About in the middle of the Seto Inland Sea extending east and west, a somewhat pear-shaped sea region is observed; its northern border (i.e., the tip of the pear-shape) being that part of the southern shore of Honshu where Fukuyama and Kasaoka cities are located; its southern border (the bottom of the pear) being the middle portion of the northern shore of Shikoku, where Kan-onji, Iyo-mishima, Niihama and Imabari cities are situated in an east to west line. This sea extension communicates with the shallower Bisan Straits in the northeast; the commonly accepted boundary between them runs from Konoshima on, south to Obi-shima, and then southeast to Misaki. In the west, this sea region is bordered by the eastern edges of the island chain (the Geiyo Islands) extending from Tomo southwest to Imabari, and communicates with the less neritic Aki-nada region by several straits.
This sea region measures nearly 1,900 km2 in area and contains about 36 km3 of water. Its diameters are ca. 58 km laterally (Imabari to Kan-onji) and ca. 60 km longitudinally (along the 133°30' E meridian) (Fig. 1).
This region can be subdivided into a northern and a southern portion by the arc of small islands including Uo-shima and Ibuki-shima; the former is called Bingo-nada and the latter, Hiuchi-nada.
As part of the efforts to clarify the dynamics of organic production in this sea region, the authors performed, in early February, 1968, the measurements of the oceanographical factors named in the title above as well as pH, dissolved oxygen and turbidity of the sea water and also the depth of disappearance of the Secchi disc ('transparency'). Eleven stations were surveyed altogether during a 2-day cruise (Fig. 2). The driest and coldest season of the year was chosen for the observation.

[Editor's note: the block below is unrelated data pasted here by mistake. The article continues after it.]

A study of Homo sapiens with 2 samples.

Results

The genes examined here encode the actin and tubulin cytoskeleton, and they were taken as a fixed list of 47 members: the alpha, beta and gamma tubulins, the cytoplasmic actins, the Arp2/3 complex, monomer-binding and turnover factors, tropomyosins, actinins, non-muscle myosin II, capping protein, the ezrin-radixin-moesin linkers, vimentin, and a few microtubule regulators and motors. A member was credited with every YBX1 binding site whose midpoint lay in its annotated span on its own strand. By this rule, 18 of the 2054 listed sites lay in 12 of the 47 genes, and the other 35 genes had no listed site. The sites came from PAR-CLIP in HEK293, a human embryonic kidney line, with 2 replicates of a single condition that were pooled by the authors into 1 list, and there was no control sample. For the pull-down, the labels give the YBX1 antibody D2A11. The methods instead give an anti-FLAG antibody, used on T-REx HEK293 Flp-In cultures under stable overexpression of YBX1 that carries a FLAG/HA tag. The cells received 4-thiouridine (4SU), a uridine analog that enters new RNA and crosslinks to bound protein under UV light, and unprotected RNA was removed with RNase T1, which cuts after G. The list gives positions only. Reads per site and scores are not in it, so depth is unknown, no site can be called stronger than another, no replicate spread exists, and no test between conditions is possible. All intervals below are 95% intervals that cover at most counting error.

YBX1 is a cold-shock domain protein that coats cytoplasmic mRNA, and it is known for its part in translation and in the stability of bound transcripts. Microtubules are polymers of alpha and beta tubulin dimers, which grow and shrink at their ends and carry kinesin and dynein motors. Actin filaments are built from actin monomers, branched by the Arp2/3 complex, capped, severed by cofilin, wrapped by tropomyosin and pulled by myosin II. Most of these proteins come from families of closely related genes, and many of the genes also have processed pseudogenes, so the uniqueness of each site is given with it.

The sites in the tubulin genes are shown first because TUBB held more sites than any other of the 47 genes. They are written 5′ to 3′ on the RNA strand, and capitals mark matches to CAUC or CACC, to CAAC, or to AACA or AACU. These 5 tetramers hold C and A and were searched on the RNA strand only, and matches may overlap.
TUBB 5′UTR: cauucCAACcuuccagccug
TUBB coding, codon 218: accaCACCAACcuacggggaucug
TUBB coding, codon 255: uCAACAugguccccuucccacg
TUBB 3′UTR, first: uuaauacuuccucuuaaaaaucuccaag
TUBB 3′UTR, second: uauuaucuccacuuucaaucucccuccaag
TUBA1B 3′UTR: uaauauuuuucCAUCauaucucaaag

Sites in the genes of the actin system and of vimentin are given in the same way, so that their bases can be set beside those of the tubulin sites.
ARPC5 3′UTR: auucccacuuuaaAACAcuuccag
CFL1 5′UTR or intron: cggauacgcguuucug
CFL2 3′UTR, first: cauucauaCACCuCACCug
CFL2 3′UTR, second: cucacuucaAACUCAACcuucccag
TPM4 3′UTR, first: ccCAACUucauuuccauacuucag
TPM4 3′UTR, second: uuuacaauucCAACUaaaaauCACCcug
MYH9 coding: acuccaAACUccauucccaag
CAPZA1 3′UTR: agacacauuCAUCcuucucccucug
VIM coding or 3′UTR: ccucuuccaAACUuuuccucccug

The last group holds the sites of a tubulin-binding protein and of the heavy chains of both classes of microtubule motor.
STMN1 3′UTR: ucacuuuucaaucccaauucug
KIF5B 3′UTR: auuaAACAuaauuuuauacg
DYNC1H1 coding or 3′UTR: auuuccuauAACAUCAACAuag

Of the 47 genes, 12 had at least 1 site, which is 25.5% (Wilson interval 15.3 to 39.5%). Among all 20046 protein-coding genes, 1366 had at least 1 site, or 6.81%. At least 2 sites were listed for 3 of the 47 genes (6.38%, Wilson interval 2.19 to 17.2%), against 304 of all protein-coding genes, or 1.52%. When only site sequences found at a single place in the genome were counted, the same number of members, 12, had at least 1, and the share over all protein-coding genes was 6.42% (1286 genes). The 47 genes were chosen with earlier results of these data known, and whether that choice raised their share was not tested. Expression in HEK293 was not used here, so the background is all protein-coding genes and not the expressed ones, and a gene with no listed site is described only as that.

This paper presents the results of this examination (Table 1). The survey should be regarded as a preliminary attempt, since the authors did not yet succeed in elucidating the real mechanisms underlying the apparently complicated distributions of some of the measured factors.
Following are the noticeable features of the results.
Reflecting the convective cooling, the water temperatures proved vertically uniform at all stations except St. 6 (Fig. 3); chlorinity and dissolved oxygen were also nearly uniform vertically at all stations. Geographically, both temperature and chlorinity were highest along the western border of the sea region, and lowered towards the east (Figs. 4 & 5). Both elements reached a minimum near the Bisan Straits; they reached another minimum at the innermost part of Hiuchi-nada (near Iyo-mishima). This distribution pattern may point to the following tendency: the more saline and warmer water distributed to the westward was flowing into Bingo-nada and Hiuchi-nada through the straits of the Geiyo Islands and was then cooled and diluted while flowing eastward. It is also inferable that less saline and colder water was found in the Bisan Straits.
The percentage saturation of dissolved oxygen was vertically uniform at all stations. Along the western border it was somewhat lower (ca. 96%); it showed a general trend towards increase towards the east except for the considerably low values (ca. 93%) at St. 15 (Table 1).
Concentrations of inorganic nutrients, which were determined by absorptiometry using unfiltered water samples, showed to be within the following ranges: phosphate-P, 0.28-0.53; nitrite-N, 0.0-0.40; nitrate-N, 0.6-1.7 and ammonia-N, 0.0-5.3 µg-atoms/l (Figs. 7 & 8). It was difficult to find any pronounced regularity regarding the vertical and/or geographic variations in their concentrations. This difficulty might have been overcome to a considerable extent if simultaneous measurements had been taken of organic phosphorus and nitrogen of dissolved and particulate forms as well as of the activities of marine organisms in situ (particularly of phytoplankton).
The Secchi disc 'transparency' was about 7 m along the western border, about 5 m in the central part, and between 6 and 8 m in the eastern part of the surveyed region. The only exception was the unexpected high value (11.6 m) at St. 15 (Fig. 6). The light scattering capability (‘turbidity’) of the water samples from various depths (except the bottom layer) was comparable with that of kaoline suspensions of 0.7-2.6 ppm. In neither vertical nor geographic distribution of turbidity, any pronounced regularity could be detected.